Recently, I heard a Bank of America commercial that used Three Dog Night’s “Shambala.”
Sorry, BofA, that song belongs now and forever to Lost, since the show – not known for its happy moments – used it in one of the most joyous scenes to grace the series.
That goes for the following songs as well.
If you’ve seen these episodes, you likely can’t hear these tunes without thinking of these iconic moments every time. In some cases, it was the first time I heard these songs but for most, even if I already knew the song, these episodes made the song completely their own.
Your own list is probably quite different, but here’s mine:
1. Three Dog Night: “Shambala” – Lost,
“Tricia Tanaka Is Dead” 2007
When Hurley and Charlie attempt to jumpstart the old Dharma van by driving it down an incredibly steep hill, it could have easily ended in both their deaths, but instead the motor sputters to life and so does the 8-track of this happy hippy song. The euphoria of the moment is catching as Jin, Hurley, and Vincent the dog run after the van and jump inside, smiling wider than we’ve ever believed possible.
It’s even better than finding the Dharma beer!
This episode was actually the first time I heard this song.
Scully’s Naval officer father unexpectedly dies and her mother has the song played at his funeral. A still grieving Scully returns to work where she and Mulder meet with serial killer Luther Lee Boggs (a terrific Brad Dourif), who claims to have psychic knowledge about a couples’ abduction.
When he starts singing “Beyond the Sea,” slurring as is he’s channeling someone from by grave, the hair on the back of our necks stands up, as it clearly does for Scully. She has to decide whether to trust Boggs to connect with the other side, or to dismiss him as a fake and embrace her usual skepticism.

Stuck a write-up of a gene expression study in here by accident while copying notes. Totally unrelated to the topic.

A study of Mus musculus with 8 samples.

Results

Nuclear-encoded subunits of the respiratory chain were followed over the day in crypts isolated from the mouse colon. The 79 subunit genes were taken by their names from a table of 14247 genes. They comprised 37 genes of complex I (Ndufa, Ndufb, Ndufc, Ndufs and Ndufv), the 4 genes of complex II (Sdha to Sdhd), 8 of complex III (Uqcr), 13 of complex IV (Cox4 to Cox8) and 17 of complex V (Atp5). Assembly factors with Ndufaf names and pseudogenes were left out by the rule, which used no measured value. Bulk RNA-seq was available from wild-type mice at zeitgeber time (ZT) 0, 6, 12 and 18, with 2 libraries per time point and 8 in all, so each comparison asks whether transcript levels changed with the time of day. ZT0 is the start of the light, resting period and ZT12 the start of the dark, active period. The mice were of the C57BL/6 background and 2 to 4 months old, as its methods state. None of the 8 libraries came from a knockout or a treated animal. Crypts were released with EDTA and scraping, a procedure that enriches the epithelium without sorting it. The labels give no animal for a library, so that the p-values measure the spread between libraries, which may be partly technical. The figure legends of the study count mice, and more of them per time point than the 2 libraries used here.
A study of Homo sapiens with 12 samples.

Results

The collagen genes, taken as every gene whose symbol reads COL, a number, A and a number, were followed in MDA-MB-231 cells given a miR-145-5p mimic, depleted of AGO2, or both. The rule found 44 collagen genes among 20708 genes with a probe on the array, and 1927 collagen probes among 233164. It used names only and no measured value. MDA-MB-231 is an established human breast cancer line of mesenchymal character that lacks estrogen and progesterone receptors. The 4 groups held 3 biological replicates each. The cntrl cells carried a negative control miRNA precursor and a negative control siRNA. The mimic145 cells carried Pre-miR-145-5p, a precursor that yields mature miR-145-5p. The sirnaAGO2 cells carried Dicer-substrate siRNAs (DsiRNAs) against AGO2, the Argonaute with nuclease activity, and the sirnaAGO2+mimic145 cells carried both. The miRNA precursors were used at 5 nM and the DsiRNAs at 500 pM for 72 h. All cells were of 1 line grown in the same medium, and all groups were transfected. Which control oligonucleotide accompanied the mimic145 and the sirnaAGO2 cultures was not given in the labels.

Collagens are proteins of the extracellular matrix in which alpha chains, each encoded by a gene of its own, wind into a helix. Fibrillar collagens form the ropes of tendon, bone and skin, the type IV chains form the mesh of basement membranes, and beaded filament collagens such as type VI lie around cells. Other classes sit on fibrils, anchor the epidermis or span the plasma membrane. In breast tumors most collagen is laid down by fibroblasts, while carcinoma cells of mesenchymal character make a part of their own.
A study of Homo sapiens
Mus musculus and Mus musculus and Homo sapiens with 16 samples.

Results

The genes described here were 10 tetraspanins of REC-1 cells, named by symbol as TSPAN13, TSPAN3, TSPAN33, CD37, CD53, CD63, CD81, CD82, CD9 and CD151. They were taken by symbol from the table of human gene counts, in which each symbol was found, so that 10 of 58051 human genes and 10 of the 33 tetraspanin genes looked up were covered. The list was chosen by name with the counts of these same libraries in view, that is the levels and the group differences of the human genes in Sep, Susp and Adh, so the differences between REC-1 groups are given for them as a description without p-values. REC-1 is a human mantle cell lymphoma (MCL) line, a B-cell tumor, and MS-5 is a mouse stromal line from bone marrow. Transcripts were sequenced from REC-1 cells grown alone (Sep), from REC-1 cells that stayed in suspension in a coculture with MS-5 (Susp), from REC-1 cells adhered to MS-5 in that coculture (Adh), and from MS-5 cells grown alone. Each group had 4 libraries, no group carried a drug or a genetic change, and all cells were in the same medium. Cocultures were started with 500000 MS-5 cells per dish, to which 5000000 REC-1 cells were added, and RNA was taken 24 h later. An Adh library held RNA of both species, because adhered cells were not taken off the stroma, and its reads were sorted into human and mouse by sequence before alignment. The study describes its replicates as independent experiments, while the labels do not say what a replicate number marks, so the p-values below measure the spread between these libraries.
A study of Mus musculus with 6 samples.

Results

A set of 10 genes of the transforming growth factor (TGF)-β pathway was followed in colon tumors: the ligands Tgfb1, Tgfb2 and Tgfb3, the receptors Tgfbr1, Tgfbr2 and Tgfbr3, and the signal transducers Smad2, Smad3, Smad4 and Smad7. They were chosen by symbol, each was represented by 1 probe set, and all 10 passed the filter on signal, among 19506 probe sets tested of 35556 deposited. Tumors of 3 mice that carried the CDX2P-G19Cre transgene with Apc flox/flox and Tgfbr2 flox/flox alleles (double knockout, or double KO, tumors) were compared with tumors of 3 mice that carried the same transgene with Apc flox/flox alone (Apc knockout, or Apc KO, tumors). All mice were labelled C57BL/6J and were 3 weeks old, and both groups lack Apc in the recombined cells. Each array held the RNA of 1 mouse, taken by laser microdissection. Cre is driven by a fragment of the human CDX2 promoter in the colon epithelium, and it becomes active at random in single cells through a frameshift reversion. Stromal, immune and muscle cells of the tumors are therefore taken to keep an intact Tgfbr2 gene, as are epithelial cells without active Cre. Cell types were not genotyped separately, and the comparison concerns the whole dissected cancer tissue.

One of the very best X-Files episodes.
3. The Flamingos: “I Only Have Eyes For You,” Buffy The Vampire Slayer,
“I Only Have Eyes For You” 1998
In this Season 2 episode, Sunnydale High School is haunted by the ghost of a young male student who shot his teacher and then himself after she broke off their ill-advised affair.
Now their ghosts are possessing people, with tragic consequences. It happens to come as Buffy is dealing with her devastating breakup with Angel, which also turned him evil again.
The nostalgic ’50s song and the spell are a great way to get them interact again and for Buffy to forgive herself for what happened.
4. The Doors: “The Crystal Ship,” Supernatural,
“Born Under a Bad Sign” 2007
This was always a very haunting, eerie song with the opening line, “Before you slip into unconsciousness, I’d like to have another kiss…” and it’s used perfectly in this scene where Sam attacks Jo, knocks her out and ties her to a post. She comes to to hear this song playing on the jukebox and Sam wielding a knife.
He tells her how her father really died at the hands of another monster, then tells her she’s bait, just like her dad was.
5. “Twilight Time,” The X-Files,
“Kill Switch” 1998
In this episode, co-written by sci-fi author William Gibson, a computer genius has created an artificial intelligence run amok that traps Mulder in an endless virtual reality loop. The omniscient surveillance the AI has access to is impressively scary since it can even order a missile strike.
The 1958 Platters song is on the CD that contains the AI’s kill switch, lending a new and very creepy tone to song lyrics, “Heavenly shades of night are falling/It’s twilight time.”
This behind-the-scenes featurette includes several scenes that aren’t from “Kill Switch,” but the one where Mulder breaks into a goofy smile upon hearing the song on the “evidence” CD is the first time we hear it in the episode.